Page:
January 30, 2014: 5:00 AM ET

The online retailer has pitched the idea that it doesn't matter what it earns right now. That's led to a lot of guesswork and differing opinions.


What's clear is someone is bound to get a huge surprise when Amazon (AMZN) delivers its fourth-quarter earnings Thursday afternoon. On a per-share basis, Wall Street analysts think the online retailer earned anywhere from $1.88 to just a penny.

That's the second biggest range of estimates, behind Google, of any company in the S&P 500, and it's the biggest, by far, when you consider what Amazon is likely to earn, according to an analysis of Bloomberg data. The average range of disagreement for earnings per share among analysts on stocks in the S&P 500 is just $0.17. Amazon's gap is 10 times that.

And the range is not just because of outliers. There are six analysts who believe the company will earn less than $0.50 a share. And eight think the company will earn more than $1.50.

MORE: The real reason behind Amazon's booming stock price

The wide range of estimates is just another example of how Amazon has upended the normal way Wall Street works. Back in October, investors and analysts cheered Amazon's $40 million loss in the third quarter. Amazon has missed earnings estimates in five of the last six quarters. That's usually the kiss of death for most stocks. Instead, Amazon's shares have more than doubled -- to a recent $385 -- in the past two years.

One reason for the wide range is that Amazon isn't very open with its analysts. Most corporate executives give analysts earnings targets. Amazon CEO Jeff Bezos doesn't do that. At the end of the third quarter, Amazon told investors that the company's operating income could be anywhere from a $500 million loss to a $500 million gain for the last three months of 2013. Analysts have been more optimistic, but their estimates also have a $1 billion range.

The uncertainty may also have to do with Amazon's wide following on Wall Street. There are 46 analysts who cover Amazon on Wall Street. Apple (AAPL) has 44 analysts and, excluding one of them, the range of disagreement in estimates of Apple's earnings per share is $0.50.

The gap in Google's earnings estimates is nearly $3 per share, but as a percentage of the $12.00 a share the company is supposed to earn, the amount by which any one analyst will be wrong is not that much.

MORE: Amazon's not so secret war on taxes

For other companies, major disagreement in earnings estimates, especially for large ones, is rare. The range for next quarter earnings at Wal-Mart (WMT) is $0.10 per share, according to Thomson Reuters. The earnings gap at Hewlett Packard (HPQ) is $0.06. There is more downside to being very wrong than there is upside to being very right.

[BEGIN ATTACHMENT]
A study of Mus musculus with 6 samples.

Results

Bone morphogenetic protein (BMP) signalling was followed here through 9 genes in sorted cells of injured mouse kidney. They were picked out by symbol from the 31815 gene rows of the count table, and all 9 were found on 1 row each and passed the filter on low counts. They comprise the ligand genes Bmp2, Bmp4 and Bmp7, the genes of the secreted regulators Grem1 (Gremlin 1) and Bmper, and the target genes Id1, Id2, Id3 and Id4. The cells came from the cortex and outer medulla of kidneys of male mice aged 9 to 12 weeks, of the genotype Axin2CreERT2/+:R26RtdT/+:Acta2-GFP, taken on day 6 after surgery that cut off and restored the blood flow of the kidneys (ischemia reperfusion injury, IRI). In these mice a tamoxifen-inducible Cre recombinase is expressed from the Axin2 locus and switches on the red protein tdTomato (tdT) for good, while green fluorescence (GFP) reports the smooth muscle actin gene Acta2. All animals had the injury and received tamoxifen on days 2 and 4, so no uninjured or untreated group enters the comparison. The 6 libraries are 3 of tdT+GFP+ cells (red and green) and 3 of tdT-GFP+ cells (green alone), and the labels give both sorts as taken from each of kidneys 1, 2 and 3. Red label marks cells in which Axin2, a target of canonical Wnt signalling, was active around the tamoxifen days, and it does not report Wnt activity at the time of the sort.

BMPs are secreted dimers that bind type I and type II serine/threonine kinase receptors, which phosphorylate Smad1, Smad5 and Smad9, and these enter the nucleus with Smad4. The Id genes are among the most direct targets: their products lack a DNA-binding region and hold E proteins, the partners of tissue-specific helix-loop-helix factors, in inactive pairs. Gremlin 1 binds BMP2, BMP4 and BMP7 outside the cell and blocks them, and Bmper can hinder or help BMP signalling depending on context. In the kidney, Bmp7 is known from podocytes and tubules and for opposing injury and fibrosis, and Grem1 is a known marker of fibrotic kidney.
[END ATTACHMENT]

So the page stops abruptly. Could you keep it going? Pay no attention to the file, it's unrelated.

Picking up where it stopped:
Stock analysts tend to be a risk-averse crowd, especially among Wall Streeters. Every now and then, a few analysts, like Henry Blodget or Meredith Whitney, make a name for themselves with bold calls, and controversy. But generally, the simplified view of Wall Street analysts is that they are a kind of mouthpiece for corporate executives, largely passing along the earnings estimates, with some analysis, that corporate executives give them. It doesn't sound like a great job.

But then you have the situation with Amazon. Being an analyst on Amazon actually sounds kind of fun. With little guidance, you imagine Amazon analysts actually having to sweat over the kind of models that are taught in business school, carefully calibrating their assumptions, coming out with very different conclusions than their peers, and then getting to see who got it right.

Except for this: No one really cares. Not even the analysts.

I e-mailed Carlos Kirjner of Sanford Bernstein about the fact that his estimate at $1.88 a share for Amazon is the highest on the Street. I expected a full-throated defense of his prediction, which he had no doubt spent countless hours on. What I got was a shrug. "EPS [earnings per share] is meaningless for the stock," wrote Kirjner.


Not worrying about what a company earns, of course, breaks another rule of investing; one of the most basic rules, in fact. But that's the story Amazon has been selling, and Wall Street has been buying it for a while. The company is thinking long-term and reinvesting the money that would normally be profits to continue to build its business. All Bezos and company have to do is pull back on that investment -- and they will, eventually -- and Amazon will be hugely profitable.

The problem with that story is that when a company reinvests in its business, what you normally see is asset growth, all the stuff the company is acquiring with the money that it's pouring back into its business. But you don't see that at Amazon. Assets have not really been growing, or least not as fast as its stock price. Amazon shares are now valued at 22 times the company's book value or net worth. This calls to mind another investing rule: companies can trade for a lot more than they are worth, but not for long.

Stephen Gandel
Stephen Gandel

Stephen Gandel has covered Wall Street and investing for over 15 years. He joins Fortune from sister publication TIME, where he was a senior business writer and lead blogger for The Curious Capitalist. He has also held positions at Money and Crain's New York Business. Stephen is a four-time winner of the Henry R. Luce Award. His work has also been recognized by the National Association of Real Estate Editors, the New York State Society of CPA and the Association of Area Business Publications. He is a graduate of Washington University, and lives in Brooklyn with his wife and two children.